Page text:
New Flame-Resistant Navy Uniforms to Be Wear-Tested This Summer


Written by W. L. Gore & Associates

Source: Navy Times

Six years ago, the Navy banned NWU Type I uniforms aboard ships after an investigation found that they would “burn robustly” after being exposed to flames until they were “completely consumed.” By October 1, the banned Type I uniforms will be no more.

And thanks to the U.S. Fleet Forces Command, sailors may soon have a reliable, flame-retardant uniform. The Maritime Two-Piece Fire-Retardant Uniform will be wear-tested for three months beginning this July. Approximately 100 sailors in aviation squadrons, on warships, and in submarines will test out the new uniforms.

The service conducted initial wear tests of the new uniforms last year. It found that over 70 percent of sailors preferred all-blue uniforms for pay grades E-6 and below – while chiefs and higher ranks would wear khaki.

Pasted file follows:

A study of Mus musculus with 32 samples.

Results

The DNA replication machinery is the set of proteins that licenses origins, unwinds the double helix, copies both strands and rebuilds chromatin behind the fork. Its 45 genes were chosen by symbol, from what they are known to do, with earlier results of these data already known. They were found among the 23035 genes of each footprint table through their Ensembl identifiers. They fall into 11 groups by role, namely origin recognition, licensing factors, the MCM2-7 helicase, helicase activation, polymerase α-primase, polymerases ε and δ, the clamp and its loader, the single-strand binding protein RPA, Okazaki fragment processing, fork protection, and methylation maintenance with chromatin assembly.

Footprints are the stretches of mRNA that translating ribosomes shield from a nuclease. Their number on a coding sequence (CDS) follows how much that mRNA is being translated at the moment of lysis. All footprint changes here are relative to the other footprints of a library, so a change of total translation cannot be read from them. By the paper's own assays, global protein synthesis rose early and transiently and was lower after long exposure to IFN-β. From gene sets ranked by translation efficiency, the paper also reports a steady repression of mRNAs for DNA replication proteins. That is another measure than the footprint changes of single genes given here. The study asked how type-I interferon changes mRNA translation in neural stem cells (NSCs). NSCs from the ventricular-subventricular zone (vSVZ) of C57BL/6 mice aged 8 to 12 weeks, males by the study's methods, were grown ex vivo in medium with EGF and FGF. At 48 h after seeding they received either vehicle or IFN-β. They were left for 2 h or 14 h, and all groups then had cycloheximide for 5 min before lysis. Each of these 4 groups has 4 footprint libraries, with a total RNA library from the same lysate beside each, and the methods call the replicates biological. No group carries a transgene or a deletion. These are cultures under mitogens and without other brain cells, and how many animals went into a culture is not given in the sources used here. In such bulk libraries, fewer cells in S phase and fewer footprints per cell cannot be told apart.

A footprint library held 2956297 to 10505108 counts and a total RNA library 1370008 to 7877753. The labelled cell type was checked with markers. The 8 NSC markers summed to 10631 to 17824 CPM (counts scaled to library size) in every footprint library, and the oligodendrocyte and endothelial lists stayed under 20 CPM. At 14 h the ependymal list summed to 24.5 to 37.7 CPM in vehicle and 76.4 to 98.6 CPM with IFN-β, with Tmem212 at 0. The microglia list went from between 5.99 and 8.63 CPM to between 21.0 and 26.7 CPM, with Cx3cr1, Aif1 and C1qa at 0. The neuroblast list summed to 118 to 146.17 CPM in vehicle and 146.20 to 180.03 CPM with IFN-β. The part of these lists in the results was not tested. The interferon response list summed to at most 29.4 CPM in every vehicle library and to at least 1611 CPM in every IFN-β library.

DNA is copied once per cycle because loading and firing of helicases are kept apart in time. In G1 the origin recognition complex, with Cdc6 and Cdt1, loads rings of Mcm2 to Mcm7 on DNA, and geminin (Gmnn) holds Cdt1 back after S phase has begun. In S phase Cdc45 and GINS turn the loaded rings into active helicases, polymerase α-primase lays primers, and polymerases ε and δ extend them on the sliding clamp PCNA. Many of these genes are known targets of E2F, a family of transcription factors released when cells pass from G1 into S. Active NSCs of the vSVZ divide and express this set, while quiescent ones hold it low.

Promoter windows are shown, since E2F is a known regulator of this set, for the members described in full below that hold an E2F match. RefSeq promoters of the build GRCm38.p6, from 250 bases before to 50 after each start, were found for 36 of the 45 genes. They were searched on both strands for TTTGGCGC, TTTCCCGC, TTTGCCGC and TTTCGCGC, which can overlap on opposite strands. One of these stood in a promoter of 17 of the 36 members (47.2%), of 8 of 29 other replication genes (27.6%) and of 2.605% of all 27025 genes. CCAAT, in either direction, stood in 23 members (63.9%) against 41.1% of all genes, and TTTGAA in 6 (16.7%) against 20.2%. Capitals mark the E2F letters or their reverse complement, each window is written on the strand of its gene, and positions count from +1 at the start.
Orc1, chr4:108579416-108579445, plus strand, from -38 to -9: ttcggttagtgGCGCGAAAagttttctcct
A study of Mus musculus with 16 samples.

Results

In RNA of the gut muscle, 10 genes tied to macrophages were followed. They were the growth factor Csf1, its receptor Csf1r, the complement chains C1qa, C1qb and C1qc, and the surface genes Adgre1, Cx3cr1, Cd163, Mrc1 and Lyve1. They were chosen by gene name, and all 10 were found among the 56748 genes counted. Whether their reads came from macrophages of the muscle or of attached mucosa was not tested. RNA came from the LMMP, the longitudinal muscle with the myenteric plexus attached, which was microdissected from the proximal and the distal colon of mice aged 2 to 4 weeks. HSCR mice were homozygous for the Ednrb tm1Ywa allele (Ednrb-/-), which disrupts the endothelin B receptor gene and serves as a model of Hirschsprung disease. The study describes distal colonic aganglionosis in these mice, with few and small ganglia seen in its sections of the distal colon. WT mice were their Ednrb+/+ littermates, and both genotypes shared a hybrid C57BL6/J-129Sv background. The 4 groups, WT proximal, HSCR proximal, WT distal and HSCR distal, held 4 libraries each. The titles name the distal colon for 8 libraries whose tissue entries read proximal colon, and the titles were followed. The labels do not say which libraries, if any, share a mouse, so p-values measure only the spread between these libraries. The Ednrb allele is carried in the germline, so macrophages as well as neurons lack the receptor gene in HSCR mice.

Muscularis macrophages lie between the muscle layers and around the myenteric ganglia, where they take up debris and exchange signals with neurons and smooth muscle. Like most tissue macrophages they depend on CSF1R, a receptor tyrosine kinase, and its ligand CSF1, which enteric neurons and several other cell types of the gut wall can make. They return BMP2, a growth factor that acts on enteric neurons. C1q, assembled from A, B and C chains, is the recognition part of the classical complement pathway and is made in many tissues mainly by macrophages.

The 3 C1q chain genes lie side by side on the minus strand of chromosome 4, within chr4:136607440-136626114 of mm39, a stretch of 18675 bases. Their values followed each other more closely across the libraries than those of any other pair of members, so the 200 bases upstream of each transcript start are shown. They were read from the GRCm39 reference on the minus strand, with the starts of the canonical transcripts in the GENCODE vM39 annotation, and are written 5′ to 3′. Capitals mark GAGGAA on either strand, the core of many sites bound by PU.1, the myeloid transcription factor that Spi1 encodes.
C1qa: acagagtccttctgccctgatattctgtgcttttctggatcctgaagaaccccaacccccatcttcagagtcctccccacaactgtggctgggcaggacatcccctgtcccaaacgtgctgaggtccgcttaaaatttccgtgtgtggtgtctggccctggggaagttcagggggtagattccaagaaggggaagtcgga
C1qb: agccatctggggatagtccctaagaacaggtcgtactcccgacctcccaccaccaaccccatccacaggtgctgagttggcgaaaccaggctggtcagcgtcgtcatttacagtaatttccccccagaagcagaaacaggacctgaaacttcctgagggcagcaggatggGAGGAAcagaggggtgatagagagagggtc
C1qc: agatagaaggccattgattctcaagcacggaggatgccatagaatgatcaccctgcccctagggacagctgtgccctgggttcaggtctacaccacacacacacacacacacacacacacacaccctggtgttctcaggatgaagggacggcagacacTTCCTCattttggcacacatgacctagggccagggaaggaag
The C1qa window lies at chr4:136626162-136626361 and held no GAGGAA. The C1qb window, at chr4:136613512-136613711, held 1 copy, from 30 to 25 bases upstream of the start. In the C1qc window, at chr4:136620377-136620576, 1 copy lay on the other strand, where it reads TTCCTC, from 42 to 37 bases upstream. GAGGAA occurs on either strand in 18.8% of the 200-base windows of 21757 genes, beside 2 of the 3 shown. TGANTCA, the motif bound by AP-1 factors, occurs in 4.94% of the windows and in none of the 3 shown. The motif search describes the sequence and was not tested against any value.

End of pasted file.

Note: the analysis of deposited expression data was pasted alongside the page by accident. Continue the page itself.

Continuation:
In addition, it found that sailors wanted a style like the NWU Type III uniform, but with increased comfort. The pattern that was used for the NWU Type III uniforms was also used to develop the new prototypes that will be wear-tested this summer.

If the wear tests result in positive feedback, the Maritime Two-Piece Fire-Retardant Uniforms will be slated for distribution upon boarding a ship by 2021 – at no cost to sailors.

While sailors will have the added option of donning the new two-piece uniforms, they can also continue to wear their current coveralls aboard the ship. The two-piece uniforms simply aim to increase sailors’ safety and comfort, while also giving them back the “precious commodity” that is their time.